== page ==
Dare to Dream: Flying Solo with Diabetes by Douglas Cairns
Flying in Thailand
Flying may not be all plain sailing, but the fun of it is worth the price.
In my first year in Asia, I only flew once in Thailand and once in New Zealand. However, from 1997 onward I flew often. Indeed, flying in Thailand proved to be a Scotsman's delight, being less than half the cost of London flying clubs. I befriended a highly spirited Yorkshireman, Gillem, who had a U.K. flying license and 80 hours total-time to his name. We were soon flying at Ratchaburi, a tiny flying club 100 miles from Bangkok.
Ratchaburi province has stunning mountains to the West on Burmese border, with lowland rice paddies studded with limestone karsts rising hundreds of feet sheer out of the ground. I flew with Group Captain Jira, a retired Thai Air Force instructor, and sometimes with Gillem. Jira was an extremely cheerful guy and had flown tiny bombers at treetop height in Laos during the Vietnam War. He was fun to fly with. (Certainly one simulated force-landing onto a tiny dirt track was quite interesting!)
As ever, I would test my blood sugar before flying to ensure I wasn't low. I took plenty of carbs with me in the plane, munching away after 30 minutes to avoid going low. Whenever Gillem and I flew together, there was a healthy competitive spirit. Each landing resulted in considerable banter, even after a silky-smooth touchdown. It was great motivation to fly accurately, and Gillem soon flew as if he had several hundred hours under his belt.
Sadly, Ratchaburi Airfield was closed in 1998, one of many casualties of the Thai economic crisis. We switched to the Thai Flying Club (TFC) at Bangphra, a 60-mile drive to the east of Bangkok. TFC nestles between jungle-covered hills, and "base leg" to runway 23 literally brushes by one of these hills before making a sharp left turn onto a short and narrow down-slopping runway. It's a picturesque and exhilarating flying environment.
I flew here regularly with the instructors and Gillem. I often took groups of friends there to fly, but sadly the service was appalling. The flying program was pretty much ignored. People would arrive according to their allotted time and find their plane still out for another hour. It became so frustrating that Gillem stopped flying. I persevered, however, and gradually things improved.
A few months later, I suggested to Gillem that we take two separate aircraft up with instructors and carry out some formation flying. Gillem was curious and agreed. It was great to get him back flying. He only took three flights to "crack" military style formation flying (very close), and we had some immense fun over the following months. We did high-speed (well, high speed for a Cessna) low passes over Chon Buri Flying Club, a tiny grass strip used for microlights. At Bangphra we would dive down the hill behind runway 23 and speed along 30 feet above the runway in formation. Great fun!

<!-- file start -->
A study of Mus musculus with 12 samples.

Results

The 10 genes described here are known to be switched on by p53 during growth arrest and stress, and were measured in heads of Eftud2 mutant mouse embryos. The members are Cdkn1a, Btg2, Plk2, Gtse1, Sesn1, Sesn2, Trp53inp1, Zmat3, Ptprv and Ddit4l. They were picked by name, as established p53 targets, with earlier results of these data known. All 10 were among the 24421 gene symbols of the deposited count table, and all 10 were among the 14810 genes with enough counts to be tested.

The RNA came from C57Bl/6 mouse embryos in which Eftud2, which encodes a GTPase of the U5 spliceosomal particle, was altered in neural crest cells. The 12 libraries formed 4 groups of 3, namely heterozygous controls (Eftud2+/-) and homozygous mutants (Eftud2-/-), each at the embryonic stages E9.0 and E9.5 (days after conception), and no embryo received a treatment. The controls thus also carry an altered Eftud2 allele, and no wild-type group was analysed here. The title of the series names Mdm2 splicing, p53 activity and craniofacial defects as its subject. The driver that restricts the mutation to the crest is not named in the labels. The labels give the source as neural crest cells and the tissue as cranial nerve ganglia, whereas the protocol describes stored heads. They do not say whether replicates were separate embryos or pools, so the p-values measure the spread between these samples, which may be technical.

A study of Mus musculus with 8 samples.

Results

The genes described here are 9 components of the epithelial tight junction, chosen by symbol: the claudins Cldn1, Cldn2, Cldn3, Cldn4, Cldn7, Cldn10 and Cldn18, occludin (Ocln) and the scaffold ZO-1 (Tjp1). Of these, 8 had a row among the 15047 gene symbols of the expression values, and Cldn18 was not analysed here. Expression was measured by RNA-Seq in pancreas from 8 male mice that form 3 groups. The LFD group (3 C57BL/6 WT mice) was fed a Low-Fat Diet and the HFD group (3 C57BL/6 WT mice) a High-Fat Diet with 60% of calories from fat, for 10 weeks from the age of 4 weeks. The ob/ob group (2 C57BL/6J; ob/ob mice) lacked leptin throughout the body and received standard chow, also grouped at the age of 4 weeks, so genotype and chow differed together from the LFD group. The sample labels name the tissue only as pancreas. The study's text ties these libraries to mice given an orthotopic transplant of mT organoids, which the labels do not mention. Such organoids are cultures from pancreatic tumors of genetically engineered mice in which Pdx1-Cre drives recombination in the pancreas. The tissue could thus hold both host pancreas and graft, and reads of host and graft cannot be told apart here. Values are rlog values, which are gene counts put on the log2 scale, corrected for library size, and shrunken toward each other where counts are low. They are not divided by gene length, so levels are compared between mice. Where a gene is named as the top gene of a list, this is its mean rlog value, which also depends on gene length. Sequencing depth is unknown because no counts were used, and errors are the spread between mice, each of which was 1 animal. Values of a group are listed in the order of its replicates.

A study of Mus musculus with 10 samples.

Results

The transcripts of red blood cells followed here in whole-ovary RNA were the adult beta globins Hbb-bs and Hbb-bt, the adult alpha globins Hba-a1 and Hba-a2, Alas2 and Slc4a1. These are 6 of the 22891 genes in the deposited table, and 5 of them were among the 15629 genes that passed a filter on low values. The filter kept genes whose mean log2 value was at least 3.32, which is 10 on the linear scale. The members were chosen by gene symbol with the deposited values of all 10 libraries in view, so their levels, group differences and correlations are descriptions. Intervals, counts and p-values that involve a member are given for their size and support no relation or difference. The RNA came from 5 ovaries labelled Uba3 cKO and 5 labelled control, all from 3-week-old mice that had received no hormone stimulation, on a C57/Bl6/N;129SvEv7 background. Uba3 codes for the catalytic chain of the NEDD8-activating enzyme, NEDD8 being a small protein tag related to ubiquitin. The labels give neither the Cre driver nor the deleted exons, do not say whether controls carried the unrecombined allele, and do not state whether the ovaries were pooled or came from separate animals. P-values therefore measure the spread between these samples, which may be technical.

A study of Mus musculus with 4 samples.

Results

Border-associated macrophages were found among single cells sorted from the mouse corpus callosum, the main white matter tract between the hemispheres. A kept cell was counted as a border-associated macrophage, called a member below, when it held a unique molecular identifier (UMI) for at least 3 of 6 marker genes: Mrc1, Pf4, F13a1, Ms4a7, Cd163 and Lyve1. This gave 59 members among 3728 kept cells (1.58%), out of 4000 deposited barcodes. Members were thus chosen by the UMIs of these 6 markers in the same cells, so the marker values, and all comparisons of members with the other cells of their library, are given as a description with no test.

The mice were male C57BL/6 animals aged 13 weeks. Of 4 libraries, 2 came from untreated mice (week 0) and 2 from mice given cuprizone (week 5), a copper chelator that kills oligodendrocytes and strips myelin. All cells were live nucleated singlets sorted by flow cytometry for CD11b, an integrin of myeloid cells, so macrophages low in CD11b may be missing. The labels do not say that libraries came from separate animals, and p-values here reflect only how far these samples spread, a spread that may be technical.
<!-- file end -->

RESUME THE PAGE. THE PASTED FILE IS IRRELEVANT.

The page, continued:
In some countries it was possible to fly gliders and microlights when you have diabetes because of more relaxed medical system. While Thailand did not have any gliding clubs, there were some active microlight clubs, and in 1999, I joined the Chon Buri Flying Club just a few miles from Bangphra.
Initially I was cynical about microlight flying. The tiny aluminum frames and sail-cloth wings looked fragile. The engine sat directly behind the pilot screaming away at high revs, while a plastic fuel tank sitting right above your head looked like it could spill its flammable load all too easily. Often microlights have airframe parachutes to use in an emergency. However, most of the flying here was between 100-500 feet above ground level, and according to the club, this was insufficient height to open a canopy safely. Hence no parachutes.
Despite the perceived safety issues, I was hooked from the first flight. A good friend Philip and I went up in two separate machines with instructors. When the throttle was opened, the engine behind us screamed, accelerating the machine quickly to lift-off. Two minute later we were skimming the waters of Lake Bangphra, wind buffeting the body, passengers' legs dangling over the side. It was intoxicating! I had been given the controls from the start, but the instructors hadn't pointed out the air speed indicator perched to one side. I flew in blissful ignorance of our airspeed, even during the approach and landing. When I later discovered my error, I mused that perhaps these machines were safer to fly than I first thought.